This past week, San Diego has seen a bit of a threat to its year-round summer. The storm that came this last week poured over 2 inches of rain down across the region, a rare occurrence compared to recent years. The precipitation does bring great benefits for the area, such as fertile farmland and cleaner air quality. But due to pollution from Tijuana and run-off contaminants, it's recommended that you wait 72 hours after a storm before swimming or surfing in the ocean.
When rain falls in Tijuana, runoff tainted with sewage, animal waste, toxins, and bacteria enter the Tijuana River, which ultimately drains into the ocean of the OB area. In September the San Diego Water Board sued the U.S. section of the International Boundary and Water Commission (IBWC), claiming it is violating the Clean Water Act by not monitoring or stopping untreated waste flowing to the ocean. The IBWC owns these pumps and opponents believe that they have a responsibility to fix these easily-overwhelmed pumps.
"The Mexican section of the IBWC told the U.S. section Tuesday that a massive amount of sewage - an estimated 6 to 7 million gallons per day - is flowing into the Tijuana River Valley and into the Pacific Ocean as a result of the break, the U.S. section said," remarks NBC 7 San Diego.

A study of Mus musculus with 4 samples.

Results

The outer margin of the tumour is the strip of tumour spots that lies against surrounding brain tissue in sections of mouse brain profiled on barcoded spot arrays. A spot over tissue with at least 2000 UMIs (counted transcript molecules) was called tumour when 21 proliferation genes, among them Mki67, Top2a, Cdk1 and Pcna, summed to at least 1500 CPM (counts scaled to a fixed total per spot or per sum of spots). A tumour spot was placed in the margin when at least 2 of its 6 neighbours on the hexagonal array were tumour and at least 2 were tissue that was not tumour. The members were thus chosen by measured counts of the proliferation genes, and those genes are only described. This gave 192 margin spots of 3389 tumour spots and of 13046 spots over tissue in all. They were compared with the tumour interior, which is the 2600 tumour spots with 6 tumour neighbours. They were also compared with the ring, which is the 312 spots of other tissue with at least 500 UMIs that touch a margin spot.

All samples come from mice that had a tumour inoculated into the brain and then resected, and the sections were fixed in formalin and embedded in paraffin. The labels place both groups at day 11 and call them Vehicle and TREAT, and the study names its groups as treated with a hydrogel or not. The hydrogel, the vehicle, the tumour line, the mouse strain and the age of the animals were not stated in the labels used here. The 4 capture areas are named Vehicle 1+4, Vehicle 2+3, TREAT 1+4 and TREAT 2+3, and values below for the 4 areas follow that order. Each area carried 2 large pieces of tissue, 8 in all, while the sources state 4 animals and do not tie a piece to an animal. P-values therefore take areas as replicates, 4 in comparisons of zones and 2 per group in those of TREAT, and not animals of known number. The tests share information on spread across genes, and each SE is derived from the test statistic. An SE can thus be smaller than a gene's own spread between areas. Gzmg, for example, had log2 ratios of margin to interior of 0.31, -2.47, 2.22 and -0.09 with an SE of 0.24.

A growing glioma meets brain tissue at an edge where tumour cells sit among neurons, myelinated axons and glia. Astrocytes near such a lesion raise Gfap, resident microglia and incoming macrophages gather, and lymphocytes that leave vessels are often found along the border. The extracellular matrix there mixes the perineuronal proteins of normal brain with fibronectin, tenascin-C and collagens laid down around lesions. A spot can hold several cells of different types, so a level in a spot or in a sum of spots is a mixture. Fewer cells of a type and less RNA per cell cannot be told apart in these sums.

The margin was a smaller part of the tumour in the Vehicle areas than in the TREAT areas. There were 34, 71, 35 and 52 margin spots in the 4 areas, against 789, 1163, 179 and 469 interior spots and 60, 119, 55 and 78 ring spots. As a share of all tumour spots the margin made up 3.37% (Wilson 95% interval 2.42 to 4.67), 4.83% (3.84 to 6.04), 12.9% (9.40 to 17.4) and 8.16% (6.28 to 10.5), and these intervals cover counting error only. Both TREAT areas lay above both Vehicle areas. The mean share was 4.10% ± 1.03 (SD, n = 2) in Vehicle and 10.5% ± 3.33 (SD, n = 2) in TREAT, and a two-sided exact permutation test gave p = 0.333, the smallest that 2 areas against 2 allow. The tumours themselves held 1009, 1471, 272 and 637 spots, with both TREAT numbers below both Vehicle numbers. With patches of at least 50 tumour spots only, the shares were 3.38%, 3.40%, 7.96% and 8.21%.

The lawsuit takes most of its girth in preventative care to make sure this does not become a continuous issue, rather than cleaning up the storm's current mess. It calls for the installation of sewage capturing infrastructure near the border that would help to contain these contaminations. In the big picture, we must realize that taking care of our environment should be our number one priority. Without clean water, surplus food, and a set of natural resources, we cannot debate religion, politics, or anything else that seems to run the political sphere.